Injury – the word that makes athletes and coaches cringe. Having been an athlete and coach, I have seen and personally experienced my fair share of injuries. From minor bruises and aches to full breaks and torn ligaments, injuries are never fun for all involved. Injuries can have life-shattering effects for those who choose to define themselves through movement.
Injury – the word that makes athletes and coaches cringe. Having been an athlete and coach, I have seen and personally experienced my fair share of injuries. From minor bruises and aches to full breaks and torn ligaments, injuries are never fun for all involved. Injuries can have life-shattering effects for those who choose to define themselves through movement. Both mentally and physically, injury places great strain on the athletic individual.
But injury is not the end. Just because you are hurt doesn’t mean you will never be the same ever again. Nor does it mean that you will never be able to engage in your favorite activities. Injury is as much a state of mind as it is a physical condition.
Depression and negative thinking will of course accompany injury. It is perfectly normal to be upset at not being able to perform your usual activities. You must make the difficult choice to accept the injury and become proactive in the healing process. In this way the time spent injured can become a valuable learning experience.
When I was in my early twenties I suffered a nasty knee injury. Because I was too stupid and stubborn to go to the doctor early on, my medial meniscus had frayed into oblivion. Literally the inside of my knee looked like a badly frayed twine rope.
Due to the extent of the fray my surgeon actually advised me to avoid surgery, due to the fact that he would have had to cut away a large portion of my meniscus. I remember him telling me, “If I cut you, you will never be a hundred percent ever again. You’ll be able to train but probably not compete.”
So I didn’t take the option of surgery. For the next year and a half I walked with a limp most days. Eight of those months were spent walking with a cane.
I was extremely depressed. What once defined my entire life was now beyond my grasp. For several months I went though some severe mental turmoil but eventually came to the conclusion that I would heal and become better than ever regardless of the pain and frustration it would require.
I embraced my injury, started studying alternative styles of medicine, physical therapy, and nutrition, and started learning cane- and weapon-based styles of martial arts. I even started to amass a good cane collection. In hindsight, the experience of sustaining a serious injury guided me to where I am today as a health professional.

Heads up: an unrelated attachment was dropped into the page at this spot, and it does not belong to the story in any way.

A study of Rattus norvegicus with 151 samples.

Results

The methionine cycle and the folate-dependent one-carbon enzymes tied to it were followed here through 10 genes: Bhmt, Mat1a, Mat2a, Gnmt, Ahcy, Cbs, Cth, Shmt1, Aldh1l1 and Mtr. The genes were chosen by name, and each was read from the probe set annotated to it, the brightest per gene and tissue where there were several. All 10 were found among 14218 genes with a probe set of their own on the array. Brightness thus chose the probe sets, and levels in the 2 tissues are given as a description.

Below are five tips that can help you make the best of a bad injured situation:
1. Accept Your Injury
When you’re injured it’s very important you accept the fact that you can’t train in the manner previously were. Attempting to train with an injury is only going to prolong and even worsen your current condition. Training does not need to be completely removed from your daily routine, but a change needs to be addressed in order for your body to heal.
2. Be Proactive in Recovery
Treat healing yourself as you would practice. Develop a daily routine with your methods of recovery and stick to it. Work with your physical therapist, research your condition, and learn all you can about how to heal your injury and minimize time spent on the bench.
3. Keep Up Your Healthy Habits
Just because you’re hurt doesn’t mean you can never go to the gym. While injured, a great way to keep your skills sharp is to observe your classmates training. Taking notes, watching videos, and talking to your coach are very beneficial when furthering your level of expertise. Consistency is the key to success in any type of physical endeavor, keep showing up to the gym and keep learning.
4. Eat Clean
Eating a clean diet will help minimize weight gain while injured. It can also aid in a speedy recovery by reducing the amount of inflammation in your body. Research what foods can assist you in healing and staying healthy. As mentioned above consistency is the key to success, this also applies to your diet.
5. Pick Up a New Hobby
Being injured generally allows for one to have more free time. Pick up a new hobby that you enjoy to keep yourself happy. Not being able to do what you love sucks but focusing on how terrible it is won’t help the situation one bit. Injuries have the ability to wreak havoc on you mentally, finding something new to focus on can absolutely assist you in staying positive.